The David Lear Sulman Fund provides over 50% off research-based KIBO robot kits
KinderLab Robotics today announced a partnership with the David Lear Sulman Computing, Science, and Engineering Fund, which is offering the Limudei Code-Esh Curriculum (LCE) for Jewish day schools and Jewish supplemental schools. LCE is an integrated curriculum for students in grades K-3 (adaptable for preK-Grade 5) that was created to engage them with Judaic studies as they begin their journey into coding and robotics. With this program, Jewish schools can implement the free LCE curriculum while receiving a 10% discount on KIBO Robot Kits from KinderLab, and an additional 50% off the remaining price of the KIBO robots with the generous grant from the David Lear Sulman Fund.
This initiative includes curriculum and two STEAM (science, technology, engineering, art, and math) educational technology platforms, KIBO and ScratchJr. Students use these tools as they explore themes in the Jewish holiday cycle while expressing their ideas and understanding through building, coding, and art activities.
With the KIBO Robot Kit, children build, program, and decorate robots with age-appropriate tangible manipulatives, using no screens or keyboards. The free ScratchJr app introduces coding skills to young children who program their own interactive stories and games on a PC or tablet.
The STEAM program integrates coding and computational thinking through six Jewish holidays—Sukkot, Chanukkah, Tu B’shevat, Purim, Pesach, and Yom Ha’atzmaut—and was created as a collaboration between Professor Marina Bers of Tufts University and Jewish educators from orthodox, conservative, and reform day schools and supplemental schools. Through a six-unit curriculum, young students use STEAM concepts and tools to tell stories and integrate Jewish themes and customs expressively.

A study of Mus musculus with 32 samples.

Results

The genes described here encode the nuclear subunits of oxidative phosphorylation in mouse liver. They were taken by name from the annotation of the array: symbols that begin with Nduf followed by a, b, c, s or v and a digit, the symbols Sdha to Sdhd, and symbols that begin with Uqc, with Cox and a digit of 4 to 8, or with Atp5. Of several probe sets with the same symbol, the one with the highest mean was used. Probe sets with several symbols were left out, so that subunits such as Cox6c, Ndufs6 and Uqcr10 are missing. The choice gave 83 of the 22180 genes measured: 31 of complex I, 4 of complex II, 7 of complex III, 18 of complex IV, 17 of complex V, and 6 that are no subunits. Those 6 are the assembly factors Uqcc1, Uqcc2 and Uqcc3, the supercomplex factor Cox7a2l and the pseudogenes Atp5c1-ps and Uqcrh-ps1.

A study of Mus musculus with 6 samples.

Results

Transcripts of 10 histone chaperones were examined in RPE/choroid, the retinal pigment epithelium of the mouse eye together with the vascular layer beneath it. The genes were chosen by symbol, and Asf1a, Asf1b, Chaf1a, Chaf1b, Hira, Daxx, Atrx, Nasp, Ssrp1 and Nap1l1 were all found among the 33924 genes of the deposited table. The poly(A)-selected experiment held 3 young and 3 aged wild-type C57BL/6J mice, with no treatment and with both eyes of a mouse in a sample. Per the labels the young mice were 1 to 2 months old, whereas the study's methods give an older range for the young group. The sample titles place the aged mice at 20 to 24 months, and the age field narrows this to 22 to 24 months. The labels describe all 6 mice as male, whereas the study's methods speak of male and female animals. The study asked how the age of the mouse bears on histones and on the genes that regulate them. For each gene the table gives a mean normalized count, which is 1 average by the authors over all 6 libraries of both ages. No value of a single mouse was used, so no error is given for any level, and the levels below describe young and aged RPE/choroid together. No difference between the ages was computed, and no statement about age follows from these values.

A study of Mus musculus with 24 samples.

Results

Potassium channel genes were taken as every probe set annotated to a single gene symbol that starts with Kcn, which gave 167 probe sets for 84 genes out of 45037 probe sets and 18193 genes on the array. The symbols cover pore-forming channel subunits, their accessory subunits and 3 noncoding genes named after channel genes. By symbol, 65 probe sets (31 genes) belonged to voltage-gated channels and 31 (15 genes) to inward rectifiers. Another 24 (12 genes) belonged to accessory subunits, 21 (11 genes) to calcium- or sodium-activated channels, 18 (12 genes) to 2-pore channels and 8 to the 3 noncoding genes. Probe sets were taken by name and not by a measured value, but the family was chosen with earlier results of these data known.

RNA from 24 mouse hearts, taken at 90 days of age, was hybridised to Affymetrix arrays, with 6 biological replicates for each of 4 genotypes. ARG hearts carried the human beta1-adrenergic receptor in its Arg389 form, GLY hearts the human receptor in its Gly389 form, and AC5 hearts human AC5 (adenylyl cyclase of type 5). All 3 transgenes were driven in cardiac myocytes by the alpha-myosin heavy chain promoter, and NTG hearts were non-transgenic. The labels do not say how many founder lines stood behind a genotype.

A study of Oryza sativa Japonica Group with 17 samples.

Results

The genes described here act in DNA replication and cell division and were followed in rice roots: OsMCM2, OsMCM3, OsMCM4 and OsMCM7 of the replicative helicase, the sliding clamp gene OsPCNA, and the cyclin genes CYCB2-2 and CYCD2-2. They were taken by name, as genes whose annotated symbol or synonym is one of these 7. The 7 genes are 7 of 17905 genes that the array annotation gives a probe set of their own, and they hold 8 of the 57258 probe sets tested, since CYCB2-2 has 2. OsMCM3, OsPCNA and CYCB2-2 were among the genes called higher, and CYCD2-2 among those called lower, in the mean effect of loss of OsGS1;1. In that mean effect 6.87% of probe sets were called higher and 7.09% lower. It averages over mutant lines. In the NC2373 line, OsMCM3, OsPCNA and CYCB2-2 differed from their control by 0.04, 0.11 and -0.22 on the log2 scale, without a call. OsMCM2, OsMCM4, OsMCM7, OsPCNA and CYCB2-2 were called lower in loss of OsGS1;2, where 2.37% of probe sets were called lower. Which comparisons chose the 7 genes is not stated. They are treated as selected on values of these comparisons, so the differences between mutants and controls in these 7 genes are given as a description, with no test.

Rose-Jane Sulman, director of the David Lear Sulman Fund, said, “Our goal is to improve Jewish schools by improving their STEAM education. We want our children to be the leaders of the future, and to do that they need to understand how to create with and use technology. Those who can create with technology will have the strongest voice in the future.”
Mitch Rosenberg, CEO of KinderLab Robotics, added, “Partnering with the Sulman Fund was an easy choice because their mission complements ours: to provide age-appropriate STEAM experiences to our youngest learners and empower them to express themselves and their culture. We are excited to see young students use KIBO, decorated with arts and crafts, to bring Jewish holidays to life through storytelling. Coding truly is the new literacy of the 21st century.”
Current research shows the importance of introducing STEAM learning in early elementary grades to develop computational thinking, confidence, collaboration, and individual expression. Research shows that even the youngest students can learn sequencing and coding in any subject if it is presented in a fun and engaging way. Positive learning outcomes for young learners who work with robotics include improved sequencing ability, mastery of foundational coding, and improved computational thinking with concrete tools.